Reduce your risk. “A total postemergence program is the most risky weed-control system, because the timing of a postemergence herbicide application is almost completely up to Mother Nature, and no one can control the weather,” points out Hager. “Instead, try using an integrated program with some soil-residual products. Also, farmers could consider a split application of an early preplant treatment followed either by a pre-emergence or a postemergence treatment to provide more consistent weed control than a single, early preplant application.”

 

A pre-emergence herbicide application will help keep late-emerging weeds small and uniform enough in height to boost odds for success when following up with a postemergence treatment, points out Gunsolus. “Using a pre-emergence herbicide buys you more time to apply your postemergence herbicide for optimal weed control,” he says.

In addition, a pre-emergence herbicide can be an especially good investment with irrigation, which ensures moisture is available at the right time to activate the chemistry, says Sandell. “With dryland corn in Nebraska, using a residual pre-emergence program will still be beneficial in reducing potential problems with glyphosate-resistant weeds, even if a lack of rainfall delays activation past the ideal time for starting corn out in clean fields,” he says.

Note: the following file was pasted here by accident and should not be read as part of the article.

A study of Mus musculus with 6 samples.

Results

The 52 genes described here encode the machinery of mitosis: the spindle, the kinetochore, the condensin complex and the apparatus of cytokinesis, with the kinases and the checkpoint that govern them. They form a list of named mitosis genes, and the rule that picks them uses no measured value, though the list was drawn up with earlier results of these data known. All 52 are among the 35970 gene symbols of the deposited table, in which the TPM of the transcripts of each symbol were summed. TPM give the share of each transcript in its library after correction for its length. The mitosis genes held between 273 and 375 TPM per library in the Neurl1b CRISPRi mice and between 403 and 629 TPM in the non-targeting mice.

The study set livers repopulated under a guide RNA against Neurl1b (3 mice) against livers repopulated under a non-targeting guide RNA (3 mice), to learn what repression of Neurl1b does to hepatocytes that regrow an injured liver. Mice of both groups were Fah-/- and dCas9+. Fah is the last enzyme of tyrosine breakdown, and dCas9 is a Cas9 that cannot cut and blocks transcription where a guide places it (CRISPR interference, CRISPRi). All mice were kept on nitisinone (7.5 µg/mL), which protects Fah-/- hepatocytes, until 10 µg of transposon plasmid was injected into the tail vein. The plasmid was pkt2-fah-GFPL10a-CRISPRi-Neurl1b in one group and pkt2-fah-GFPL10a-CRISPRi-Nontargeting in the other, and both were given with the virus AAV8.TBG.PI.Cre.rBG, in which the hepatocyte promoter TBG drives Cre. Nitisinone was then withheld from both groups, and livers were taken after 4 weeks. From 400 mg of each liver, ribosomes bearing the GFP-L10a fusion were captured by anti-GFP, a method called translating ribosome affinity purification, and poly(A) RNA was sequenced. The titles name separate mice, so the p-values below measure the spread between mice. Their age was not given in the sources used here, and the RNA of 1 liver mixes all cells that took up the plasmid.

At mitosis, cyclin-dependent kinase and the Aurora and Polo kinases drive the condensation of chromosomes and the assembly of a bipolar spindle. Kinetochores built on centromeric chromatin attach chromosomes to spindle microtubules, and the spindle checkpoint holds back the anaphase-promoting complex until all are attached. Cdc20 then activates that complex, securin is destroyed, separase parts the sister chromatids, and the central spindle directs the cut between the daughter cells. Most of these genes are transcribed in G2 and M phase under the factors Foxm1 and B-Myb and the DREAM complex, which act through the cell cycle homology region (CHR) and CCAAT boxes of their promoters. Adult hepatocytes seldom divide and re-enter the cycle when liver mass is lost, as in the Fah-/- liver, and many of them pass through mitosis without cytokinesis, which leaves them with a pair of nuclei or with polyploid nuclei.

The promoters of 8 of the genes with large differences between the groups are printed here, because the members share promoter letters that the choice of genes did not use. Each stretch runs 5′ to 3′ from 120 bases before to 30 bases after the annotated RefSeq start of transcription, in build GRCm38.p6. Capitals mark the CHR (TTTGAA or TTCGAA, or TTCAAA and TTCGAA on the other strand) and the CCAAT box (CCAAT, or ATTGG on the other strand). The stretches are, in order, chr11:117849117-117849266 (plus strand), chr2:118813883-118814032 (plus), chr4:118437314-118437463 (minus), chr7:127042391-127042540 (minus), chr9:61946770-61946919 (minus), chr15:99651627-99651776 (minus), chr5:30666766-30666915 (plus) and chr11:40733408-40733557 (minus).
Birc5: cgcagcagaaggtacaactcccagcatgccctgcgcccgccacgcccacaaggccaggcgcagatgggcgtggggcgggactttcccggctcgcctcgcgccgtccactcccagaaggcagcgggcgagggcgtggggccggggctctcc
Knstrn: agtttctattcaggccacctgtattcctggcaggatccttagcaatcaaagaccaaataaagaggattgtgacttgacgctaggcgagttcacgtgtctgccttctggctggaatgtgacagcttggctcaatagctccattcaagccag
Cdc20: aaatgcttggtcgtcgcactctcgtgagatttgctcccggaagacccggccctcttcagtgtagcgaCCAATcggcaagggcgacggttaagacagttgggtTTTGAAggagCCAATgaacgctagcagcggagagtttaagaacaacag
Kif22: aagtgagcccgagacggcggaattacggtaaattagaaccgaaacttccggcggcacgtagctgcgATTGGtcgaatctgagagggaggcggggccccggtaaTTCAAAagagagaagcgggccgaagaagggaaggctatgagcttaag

Pay attention to timing. “Your main management focus should be on controlling those early weeds,” says Gunsolus. “Our research in Minnesota, and more comprehensive research in Wisconsin, shows that at about the V3-V4 stage, if weeds aren’t removed, fields will suffer an average 3 bu./acre/day yield loss up until the end of June. In fact, farmers should plan to have all their weed control completed by the fourth of July.”

Timing is important for both post- and pre-emergent applications, adds Hager. “For pre-emergent herbicide applications, try to time them closer to when you plant, especially if you have a weed spectrum in the field that can emerge later in the season, such as waterhemp.”

Weeds that re-infest after an initial herbicide application can also be very competitive, and Hager recommends being vigilant to control these later weed flushes, if necessary, while they are also still small.

Be careful with reduced rates. Many farmers run reduced herbicide rates of soil-residual herbicides to save costs, says Hager. “However, with reduced rates, you may be setting the product up to fail earlier, depending on weather conditions and weed pressure. Using a full, or a nearly full rate based on soil type often provides an extended period of weed control that you don’t always have with reduced rates.”

Gunsolus agrees. “Especially in the postemergence arena, good early season weed control has a lot to do with proper timing and not skimping on rates,” he says. “Also, when you do postemergence weed control, make sure you don’t go too fast and check to make sure you’re getting good spray coverage on weeds.”

Scout and reassess. After each weed-control practice, farmers should scout fields and evaluate how well their treatment worked and whether or not a remedial treatment might be needed, advises Gunsolus.